If you’ve ever fallen victim to an email hack, you’ll be familiar with that sense of dread the breach brings about. You’ll also know the unfortunate inconvenience of getting your account and security back in order (regaining access, checking your settings, updating your password, etc.).
It’s no walk in the park and can leave you wondering just how the hack happened in the first place.
So how does your email account get hacked?
We detail the most common causes below, and include advice for protecting yourself:
You fell for a phishing scam that asked you to “confirm” your password. These types of scam emails can be convincing. But you should never respond to any unexpected message that asks you to verify your password, account numbers, addresses, or any other information of this kind.
You didn’t log out of your account after using a public PC or device. Aside from getting into the habit of logging out each and every time you use a shared device, it’s wise to avoid using public PCs altogether (like the ones you find at internet cafes and libraries). There’s really no way to know whether these machines are infected with malware or have keylogging spyware installed on them, making them a big risk.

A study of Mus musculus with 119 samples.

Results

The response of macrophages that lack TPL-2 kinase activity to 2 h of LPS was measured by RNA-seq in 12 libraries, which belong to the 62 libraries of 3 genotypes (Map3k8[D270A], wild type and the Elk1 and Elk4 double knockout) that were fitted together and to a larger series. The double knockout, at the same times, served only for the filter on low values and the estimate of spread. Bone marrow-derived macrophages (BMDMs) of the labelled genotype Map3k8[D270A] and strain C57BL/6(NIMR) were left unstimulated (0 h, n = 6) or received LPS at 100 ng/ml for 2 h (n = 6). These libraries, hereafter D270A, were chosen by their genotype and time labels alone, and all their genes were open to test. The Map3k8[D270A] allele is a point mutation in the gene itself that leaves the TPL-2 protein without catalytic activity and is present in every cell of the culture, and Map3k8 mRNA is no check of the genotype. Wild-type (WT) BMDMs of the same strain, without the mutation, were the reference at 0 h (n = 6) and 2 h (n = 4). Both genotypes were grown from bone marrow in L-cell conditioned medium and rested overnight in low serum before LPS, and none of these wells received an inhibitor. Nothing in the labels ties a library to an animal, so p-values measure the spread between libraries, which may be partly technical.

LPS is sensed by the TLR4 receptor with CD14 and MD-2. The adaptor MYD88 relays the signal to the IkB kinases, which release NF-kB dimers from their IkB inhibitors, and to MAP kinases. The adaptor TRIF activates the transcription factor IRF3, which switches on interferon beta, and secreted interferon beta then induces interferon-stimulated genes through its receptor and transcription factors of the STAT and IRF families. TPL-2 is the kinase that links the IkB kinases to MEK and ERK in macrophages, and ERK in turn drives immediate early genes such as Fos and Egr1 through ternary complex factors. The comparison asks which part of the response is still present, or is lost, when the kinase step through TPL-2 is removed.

You used a weak, easy-to-guess password or have been using the same password across multiple sites. Make sure your passwords are both long and unique for all the various sites and services that you use. A good rule of thumb: make them at least 16 characters. To make them easy to remember, base them on a complex sentence, with the first letter of each word serving as a character in your password.
You didn’t use up-to-date security software on your PC. Without adequate protection, your PC can become infected with malware designed to steal your passwords – sneaking through in the form of dodgy downloads and suspicious email attachments. Download AVG Internet Security so you can rest easy, knowing that you’re protected from the latest online threats. (It’s a good idea to do the same for your Android™ mobile devices, too).
You used an unsecure Wi-Fi network where hackers were able to eavesdrop on your data and intercept your passwords. To avoid this, you should only ever connect to reputable networks that you trust and which are password protected. Or, use a VPN, like HMA!, to secure and encrypt your connection.
Your email address was harvested by spammers. This happens when you list your email address publicly online — in places like forums, online ads, blogs, etc. Just don’t do it. For the great majority of us, there is no reason to publish an email address on the internet.